Published July 8th, 2009
Moraga Residents Resist Proposed Stop Signs
By Sophie Braccini

The Traffic Safety Advisory Committee (TSAC) heard three cases on July 1st that revolved around the proposed installation of new stop signs. None carried the support of the neighbors or of the Committee itself.
Although many residents like the idea of stop signs to slow down traffic, not all want them planted in front of their homes. In some instances, stop signs are just not the right device. As Chief of Police Robert Priebe humorously commented, "It might be linked to the semi-rural character of the town; folks here want to drive as fast as they can uninterrupted, as long as they don't hit anything."
A group of Larch Avenue residents worked for months to get stop signs installed at the intersections of Larch and Shuey, and Larch and Dickenson, in order to slow down traffic along the mostly straight route. According to the TSAC traffic calming guidebook, residents who want to see changes of that sort need to get approval of 75% of the neighbors living at the intersection; stop sign supporters were unable to hit the number. A majority of the residents along Larch voted for the signs, but at the Larch/Shuey intersection only 25% of the residents voted for it and only 50% at the Larch/Dickenson intersection.
"The main concern of these opposing residents was noise and loss of property value," said Robin Felix of the Larch Avenue group. But without stop signs, "All the property on Larch might lose value," said Felix, referring to a conversation she had with a real estate agent who explained to her that Larch was considered a high-speed road, and was therefore less appreciated. The group does not plan to continue its efforts at this time. "How many times do you want to hit your head against that wall?" asked Felix.
Another set of stop signs has been promoted by a group of residents in the Corliss neighborhood. The concern there is the safety of children crossing at Corliss and Wakefield to reach Los Perales Elementary School (LP). A three-way stop there is also supported by the LP Parent Teacher Association, but property owners residing at the intersection are ambivalent. "There are five neighbors living at the crossing," explained Connie Hayes who's been spearheading the effort, "Two said yes, one said no, and two said they could just favor temporary stop signs that would be there only when school is in session."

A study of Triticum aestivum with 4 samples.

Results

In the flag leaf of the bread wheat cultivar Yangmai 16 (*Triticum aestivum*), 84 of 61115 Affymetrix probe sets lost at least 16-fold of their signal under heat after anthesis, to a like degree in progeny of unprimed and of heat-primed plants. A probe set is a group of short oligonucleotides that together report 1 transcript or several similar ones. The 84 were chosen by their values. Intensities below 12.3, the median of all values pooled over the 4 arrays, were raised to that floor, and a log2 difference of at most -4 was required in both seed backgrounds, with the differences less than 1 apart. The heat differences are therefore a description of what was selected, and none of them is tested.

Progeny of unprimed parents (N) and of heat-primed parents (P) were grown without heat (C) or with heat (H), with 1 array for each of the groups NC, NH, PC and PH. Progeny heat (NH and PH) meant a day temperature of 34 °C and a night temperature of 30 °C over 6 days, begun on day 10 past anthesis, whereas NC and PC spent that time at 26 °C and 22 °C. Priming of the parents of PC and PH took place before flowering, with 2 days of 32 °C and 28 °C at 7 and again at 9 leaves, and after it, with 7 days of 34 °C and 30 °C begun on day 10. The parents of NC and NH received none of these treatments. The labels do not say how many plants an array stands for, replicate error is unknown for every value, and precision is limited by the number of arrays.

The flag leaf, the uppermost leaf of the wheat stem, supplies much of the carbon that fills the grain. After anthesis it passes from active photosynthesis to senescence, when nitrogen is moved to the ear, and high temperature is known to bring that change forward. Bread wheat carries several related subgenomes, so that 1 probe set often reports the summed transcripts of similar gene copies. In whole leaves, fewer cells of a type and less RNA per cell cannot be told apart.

Priebe explained that according to traffic regulations, temporary stop signs are installed only in emergencies and that temporary signs at the Corliss/Wakefield intersection would be unenforceable.
He also suggested that removable signs would be an added hazard because kids could get use to having them there and forget to pay attention when the signs were not there.
Town staff agreed to send a letter to the Corliss group explaining the risks of temporary signs. With the letter in hand, the Corliss group plans to attempt further discussions with the reluctant neighbors.
The third project involving stop signs is at the crossing of Rheem Boulevard and Saint Mary's Road. TSAC has been working on improving the situation at this intersection with traffic consultant Fehr and Peers. One of the 5 solutions proposed by the consultant was 3-way stop signs. But both consultant and Committee agreed that stops there risked creating large back-ups and could even increase the risk of accidents. This alternative was not included in TSAC's recommendation to the City Council. Instead, they agreed to propose either a roundabout or left-turn pocket lanes to help turning vehicles. Due to the high cost of a roundabout, TSAC is seeking the Council's advice before proceeding with further study.